Soldier stops to fold unserviceable flag at a home

Tidewater

Man in Military Garb Filmed Folding Torn US Flag at North Carolina Home
Okay, so a soldier at Ft. Bragg on the way home, sees a United States flag flying from a home. The flag has been torn in recent storms, so the unknown soldier takes it down, folds it, and leaves it on the porch.
The homeowner, Frankie Grandstaff wrote about the moment captured on his home’s security system: “My flag ... ripped yesterday during our storm. This is how important the American Flag is to our Military!!!”
This may be a good time to remind folks who fly a US flag to check it out periodically and, if unserviceable, retire it.
The local American Legion Post here in Hooterville used to have a repurposed mailbox outside the meeting hall. Folks could drop unserviceable flags in the box and the Legion would collect unserviceable flags and dispose of them appropriately.
While I'm at it, folks place small 12" x 18" flags on the graves of loved ones in the Hooterville Cemetery. Then they leave them. It is inappropriate to have a US flag flying after sunset, unless that flag is lighted by a light, which is difficult in a cemetery with limited sources of electricity. It is okay to leave bunting to signify that the dead person was a soldier), but leaving a flag that will still be up after sunset and not lighted is to dishonor the flag that the dead loved served. A point to consider when placing a flag on a grave.
 

Some you know that I'm general counsel for and founder of Phoenix of Huntsville. Up until late last year, we manufactured 1/3, sometimes more, of the interment flags for the VA. We lost the contract, owing to a technicality, but it appears we've regained it through congressional action. Anyway, we ship the flags to the VA, which distributes to funeral homes. At the funeral home, the flag is removed from the packaging, which is prescribed by VA, and ironed and made ready for presentation. The packaging is prescribed by VA, as is the manner of packing. The packing is designed to be as compact as possible.

Well, one gentleman, no, subtract that, "individual" somehow received his relative's flag directly from VA, without the normal ironing and preparation. We'll never know how it happened. Anyway, he proceeded to email us about our disrespect for the flag, which was wrinkled and rolled. It was quite the diatribe, with what he thought of us described in four-letter terms. The answer didn't satisfy him and probably could have been worded better, frankly. Since he was threatening to write his congressman, and we had sensitive legislation before Congress, I was detailed to explain the process to him. I've received no answer, which I hope is good news. We do make a limited number of flags for direct consumption and they're presented in the traditional tri fold, in a matching case. We recently located a new supplier for the cases, an Amish woodworker across the line in southern TN. They're beautiful, in black walnut, with a plywood back, as opposed to the fiberboard backing on the old ones. His miter saw is gasoline-driven...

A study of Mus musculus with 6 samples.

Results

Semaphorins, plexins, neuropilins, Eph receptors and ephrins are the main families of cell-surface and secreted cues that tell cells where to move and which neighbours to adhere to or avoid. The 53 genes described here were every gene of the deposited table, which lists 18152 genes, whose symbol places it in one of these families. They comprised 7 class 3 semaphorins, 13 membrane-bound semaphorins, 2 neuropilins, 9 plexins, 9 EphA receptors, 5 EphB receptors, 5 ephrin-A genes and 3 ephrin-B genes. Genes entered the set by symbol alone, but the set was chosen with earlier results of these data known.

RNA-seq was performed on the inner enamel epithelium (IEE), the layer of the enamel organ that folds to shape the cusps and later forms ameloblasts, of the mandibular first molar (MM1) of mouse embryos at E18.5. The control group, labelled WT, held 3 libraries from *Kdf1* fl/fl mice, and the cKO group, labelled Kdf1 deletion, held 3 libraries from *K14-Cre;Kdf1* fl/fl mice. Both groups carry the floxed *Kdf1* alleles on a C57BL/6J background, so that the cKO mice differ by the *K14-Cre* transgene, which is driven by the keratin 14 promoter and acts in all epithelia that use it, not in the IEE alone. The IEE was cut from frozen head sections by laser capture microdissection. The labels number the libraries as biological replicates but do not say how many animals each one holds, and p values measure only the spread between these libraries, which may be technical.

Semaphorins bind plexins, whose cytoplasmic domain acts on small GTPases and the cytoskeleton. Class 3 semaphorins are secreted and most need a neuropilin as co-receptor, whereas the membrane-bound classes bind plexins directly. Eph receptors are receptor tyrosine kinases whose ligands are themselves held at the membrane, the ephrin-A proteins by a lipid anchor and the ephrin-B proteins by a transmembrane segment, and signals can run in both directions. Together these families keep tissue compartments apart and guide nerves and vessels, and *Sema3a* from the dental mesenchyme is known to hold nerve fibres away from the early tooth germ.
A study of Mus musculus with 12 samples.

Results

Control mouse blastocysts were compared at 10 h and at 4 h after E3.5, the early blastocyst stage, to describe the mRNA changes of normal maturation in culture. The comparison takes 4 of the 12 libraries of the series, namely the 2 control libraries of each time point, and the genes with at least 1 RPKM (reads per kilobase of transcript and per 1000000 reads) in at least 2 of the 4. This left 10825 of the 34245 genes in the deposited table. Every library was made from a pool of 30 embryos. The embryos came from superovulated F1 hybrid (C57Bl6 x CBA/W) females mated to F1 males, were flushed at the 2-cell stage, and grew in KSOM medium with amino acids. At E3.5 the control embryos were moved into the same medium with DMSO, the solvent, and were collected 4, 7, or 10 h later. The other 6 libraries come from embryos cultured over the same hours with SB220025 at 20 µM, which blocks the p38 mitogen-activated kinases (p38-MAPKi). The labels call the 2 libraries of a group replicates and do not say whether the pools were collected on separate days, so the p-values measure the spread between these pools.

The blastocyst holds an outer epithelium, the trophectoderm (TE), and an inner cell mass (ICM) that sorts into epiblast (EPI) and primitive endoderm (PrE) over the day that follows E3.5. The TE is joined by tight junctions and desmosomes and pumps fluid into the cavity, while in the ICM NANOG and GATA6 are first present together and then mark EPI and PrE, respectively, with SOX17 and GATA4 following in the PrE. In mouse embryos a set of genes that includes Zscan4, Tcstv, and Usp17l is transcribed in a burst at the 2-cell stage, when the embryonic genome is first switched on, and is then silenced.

Go Bama

We learned proper flag etiquette at Robert E Lee elementary school. The flag was raised and lowered by two students and it was really great to be picked for flag duty. If it started raining, you got out of class to go get the flag. The flag was kept in the principal's office.

I'm not sure schools do this anymore. I don't know why they wouldn't.

The people in my neighborhood just run the flag up a pole and leave it until it's time to replace it.
 

B1GTide

TideFans Legend
Apr 13, 2012

I'm not sure schools do this anymore. I don't know why they wouldn't.

The people in my neighborhood just run the flag up a pole and leave it until it's time to replace it.
Lost in history is the respect, but I can understand why. Our children see our government as the country, and there isn't much to respect.

My boys respect the flag because of the military history in our family. Buy it is a hard sell today.
 

DzynKingRTR

Hall of Fame
Dec 17, 2003
We learned proper flag etiquette at Robert E Lee elementary school. The flag was raised and lowered by two students and it was really great to be picked for flag duty. If it started raining, you got out of class to go get the flag. The flag was kept in the principal's office.

I'm not sure schools do this anymore. I don't know why they wouldn't.

The people in my neighborhood just run the flag up a pole and leave it until it's time to replace it.
My school did it as well. This would have been in the 80's. At my school if you were chosen that week to do it, you had done something great to deserve the right to do it (grades, helped a student or teacher, etc.). I had the honor at least once every year I was eligible (4th to 8th grade).

My niece and nephew went to my old school so I know they don't do it anymore.